It is the city's rule.
Companies that receive a public tax break - a tax abatement - must pay their employees a "living wage" of at least $10.73 per hour, plus health benefits.
But when it comes to how the city pays its own employees or the employees of city contractors, the living wage requirement doesn't apply. City Commissioner Boog Highberger said he wants to change that for at least one group of city contractors: bus drivers.
Highberger is objecting to a clause in a proposed set of regulations that would govern the new operating contract for the city's public transportation system. Under the current proposal, contractors who want to bid on running the T in 2009 and beyond would be allowed to pay bus drivers as little as $9.75 an hour - or nearly a $1 less than the living wage.
"It is a fairly stressful job, and it is something we ask our companies who get tax abatements to do," Highberger said of the living wage requirement.
There was some support on the commission for adding language to the next contract that would require drivers be paid a living wage.
"It is difficult to provide that of others when we don't demand it of our service providers," Mayor Sue Hack said.
But the issue may not be so simple. That's because for the first time, the city is working directly with Kansas University to find a contractor to run both the city and KU bus systems. If the city required a living wage to be paid for city bus drivers, it likely would mean that a living wage would have to be paid to university bus drivers as well.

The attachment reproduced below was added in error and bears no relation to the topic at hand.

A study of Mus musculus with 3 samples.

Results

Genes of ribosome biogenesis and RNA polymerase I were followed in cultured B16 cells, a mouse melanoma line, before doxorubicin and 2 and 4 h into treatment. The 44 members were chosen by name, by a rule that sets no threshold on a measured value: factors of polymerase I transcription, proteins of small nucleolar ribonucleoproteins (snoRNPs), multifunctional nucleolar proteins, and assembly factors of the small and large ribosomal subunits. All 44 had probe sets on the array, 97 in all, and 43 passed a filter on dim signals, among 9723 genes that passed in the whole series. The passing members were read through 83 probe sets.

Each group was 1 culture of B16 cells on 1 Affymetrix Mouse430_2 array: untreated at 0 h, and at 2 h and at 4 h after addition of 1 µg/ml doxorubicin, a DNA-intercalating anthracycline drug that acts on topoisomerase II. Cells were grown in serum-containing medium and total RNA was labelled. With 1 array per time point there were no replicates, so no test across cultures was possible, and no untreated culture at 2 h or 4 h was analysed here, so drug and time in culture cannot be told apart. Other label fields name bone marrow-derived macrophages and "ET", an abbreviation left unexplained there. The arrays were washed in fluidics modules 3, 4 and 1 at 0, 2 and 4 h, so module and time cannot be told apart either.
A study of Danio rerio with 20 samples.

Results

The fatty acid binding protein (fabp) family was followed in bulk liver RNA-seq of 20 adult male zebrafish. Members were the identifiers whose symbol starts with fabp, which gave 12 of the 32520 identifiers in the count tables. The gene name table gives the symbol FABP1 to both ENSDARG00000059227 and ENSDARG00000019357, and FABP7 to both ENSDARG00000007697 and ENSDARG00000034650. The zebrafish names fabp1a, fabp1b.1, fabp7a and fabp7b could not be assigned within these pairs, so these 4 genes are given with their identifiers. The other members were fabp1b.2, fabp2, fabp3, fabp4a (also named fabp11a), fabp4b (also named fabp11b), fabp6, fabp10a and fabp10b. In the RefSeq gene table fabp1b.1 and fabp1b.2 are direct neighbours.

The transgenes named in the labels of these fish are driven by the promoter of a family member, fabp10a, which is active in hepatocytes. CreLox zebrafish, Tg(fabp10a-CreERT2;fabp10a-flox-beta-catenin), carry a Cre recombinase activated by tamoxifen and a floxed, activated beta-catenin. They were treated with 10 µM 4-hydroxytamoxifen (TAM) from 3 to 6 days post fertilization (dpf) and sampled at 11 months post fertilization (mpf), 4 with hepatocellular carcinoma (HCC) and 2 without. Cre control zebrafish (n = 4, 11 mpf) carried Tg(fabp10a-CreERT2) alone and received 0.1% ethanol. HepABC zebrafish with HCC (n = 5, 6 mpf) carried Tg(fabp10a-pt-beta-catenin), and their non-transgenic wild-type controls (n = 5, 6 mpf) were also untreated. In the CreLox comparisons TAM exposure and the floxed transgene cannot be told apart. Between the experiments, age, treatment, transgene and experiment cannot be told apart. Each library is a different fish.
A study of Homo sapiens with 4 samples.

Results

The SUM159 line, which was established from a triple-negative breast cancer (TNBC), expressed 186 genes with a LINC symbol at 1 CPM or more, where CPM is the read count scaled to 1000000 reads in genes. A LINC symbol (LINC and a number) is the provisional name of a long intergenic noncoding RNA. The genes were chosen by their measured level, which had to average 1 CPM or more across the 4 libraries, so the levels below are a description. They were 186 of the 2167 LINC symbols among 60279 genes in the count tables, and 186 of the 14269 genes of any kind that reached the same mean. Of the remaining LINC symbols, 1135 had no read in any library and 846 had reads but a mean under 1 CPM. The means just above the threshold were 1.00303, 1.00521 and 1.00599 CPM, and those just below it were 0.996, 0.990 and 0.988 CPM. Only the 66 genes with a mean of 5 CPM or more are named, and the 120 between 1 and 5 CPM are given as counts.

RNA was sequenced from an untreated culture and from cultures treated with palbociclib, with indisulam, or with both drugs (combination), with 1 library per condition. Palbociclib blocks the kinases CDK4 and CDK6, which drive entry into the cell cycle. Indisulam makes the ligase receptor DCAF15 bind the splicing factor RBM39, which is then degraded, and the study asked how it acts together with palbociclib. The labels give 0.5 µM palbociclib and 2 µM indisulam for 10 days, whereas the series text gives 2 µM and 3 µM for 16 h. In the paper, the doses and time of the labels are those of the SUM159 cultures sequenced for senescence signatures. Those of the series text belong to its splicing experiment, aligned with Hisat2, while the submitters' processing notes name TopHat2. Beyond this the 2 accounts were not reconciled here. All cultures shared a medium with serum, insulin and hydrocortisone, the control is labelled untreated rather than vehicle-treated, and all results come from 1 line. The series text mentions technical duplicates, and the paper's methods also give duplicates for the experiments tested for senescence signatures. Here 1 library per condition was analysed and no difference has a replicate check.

Danny Kaiser, assistant director of parking and transit for KU, said that definitely was a goal for the university, but he was not sure it was financially feasible to be accomplished immediately.
Commissioners directed staff members to have more in-depth discussions with KU about the living wage issue and seek a compromise that would allow the provision to be included in the next contract.
The living wage issue was just one part of the public transit discussion at Tuesday evening's City Commission meeting. Ultimately, commissioners unanimously agreed to start the process to find a contractor.
Commissioners also followed a staff recommendation that future bidders should be required to provide three pricing options to the city: one that would keep service levels at the status quo, another that would reduce service levels by 30 percent and a third option that would reduce service levels by 50 percent.
Commissioners said tight budget times require them to look at plans that would involve cutbacks in the T service.
Commissioners, however, only opened the door to future T cutbacks. They did not make any decisions on Tuesday. Instead, commissioners will wait to receive the bids and likely will make a decision by mid-2008.